Join our brand new verified AMN Telegram channel and get important news uncensored!

Major city hospital changes child abuse report policy due to ‘racism’

An ambulance. (Monkey Business Images/Dreamstime/TNS)
June 19, 2024

Mass General Brigham announced sweeping policy changes regarding provider-directed drug testing to all pregnant patients earlier this year, citing a belief that women of color were more at risk of doctor-directed drug testing due to racist stereotypes.

In a statement posted to the hospital’s website, Mass General Brigham stated, “As a part of our United Against Racism effort to achieve health equity for patients and communities across our system, we… are addressing policies that may unwittingly perpetuate structural racism.”

“Substance use disorder (SUD) is a condition with significant racial and ethnic inequities, especially in the context of pregnancy, when more punitive approaches to substance use disproportionately affect Black individuals,” the statement read. “Studies — including some within our system — have found that Black pregnant people are more likely to be drug tested and to be reported to child welfare systems than white pregnant people.”

The studies referenced in the policy change were not included in the statement. The newly instated policy directs that reports of maternal drug use to child protective agencies “after delivery should be filed only if there is reasonable cause to believe that the infant is suffering or at imminent risk of suffering physical or emotional injury and that ‘substance exposure’ alone, including treatment with methadone or buprenorphine for opioid use disorder, does not require a report of abuse or neglect in the absence of protective concerns for the infant.”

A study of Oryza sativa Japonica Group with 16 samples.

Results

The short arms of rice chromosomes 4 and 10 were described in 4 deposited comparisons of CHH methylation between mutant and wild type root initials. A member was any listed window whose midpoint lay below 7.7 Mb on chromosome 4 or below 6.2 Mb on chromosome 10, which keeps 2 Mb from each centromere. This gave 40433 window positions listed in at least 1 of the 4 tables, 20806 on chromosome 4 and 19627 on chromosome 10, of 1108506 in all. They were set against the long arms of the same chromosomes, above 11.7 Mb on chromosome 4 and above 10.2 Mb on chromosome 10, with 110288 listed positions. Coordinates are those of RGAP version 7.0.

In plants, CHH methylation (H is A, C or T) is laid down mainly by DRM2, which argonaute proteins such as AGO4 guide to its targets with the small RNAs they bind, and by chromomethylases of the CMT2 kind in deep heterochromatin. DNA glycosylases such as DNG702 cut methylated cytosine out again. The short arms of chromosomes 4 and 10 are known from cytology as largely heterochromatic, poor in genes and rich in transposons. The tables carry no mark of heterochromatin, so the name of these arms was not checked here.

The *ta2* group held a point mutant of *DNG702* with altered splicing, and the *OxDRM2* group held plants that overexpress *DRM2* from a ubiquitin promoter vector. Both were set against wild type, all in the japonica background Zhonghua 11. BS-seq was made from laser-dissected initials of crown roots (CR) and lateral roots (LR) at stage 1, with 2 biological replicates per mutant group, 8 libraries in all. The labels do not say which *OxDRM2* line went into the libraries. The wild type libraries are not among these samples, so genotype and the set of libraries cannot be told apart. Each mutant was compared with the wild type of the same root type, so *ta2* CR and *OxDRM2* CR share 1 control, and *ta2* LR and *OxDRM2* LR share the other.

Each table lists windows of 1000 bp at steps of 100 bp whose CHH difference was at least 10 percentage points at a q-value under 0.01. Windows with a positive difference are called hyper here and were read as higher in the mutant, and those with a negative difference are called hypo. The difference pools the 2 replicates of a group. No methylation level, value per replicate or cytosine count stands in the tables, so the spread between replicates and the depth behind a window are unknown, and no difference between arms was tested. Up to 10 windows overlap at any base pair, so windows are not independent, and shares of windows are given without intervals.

READ MORE: Video: Fire erupts, gunshot victim hospitalized in major city

The hospital now requires written permission from maternity patients prior to conducting drug screening on mothers or newborns in most cases.

Under the previous policy, a disclosure of treatment for illegal drugs or a positive screen of either the newborn or the mother for the presence of illegal drugs resulted in a mandatory report to child protective agencies.

Allison Bryant, associate chief health equity officer at Mass General Brigham, said, “The updated policy reflects our focus on providing safe and equitable care for all patients. The process allowed us to turn our lens inward to understand our own contributions to stigma and inequity and strive to fix them.”

Despite the changes, a spokesperson for the hospital stated protection to children will remain a priority, according to Fox News.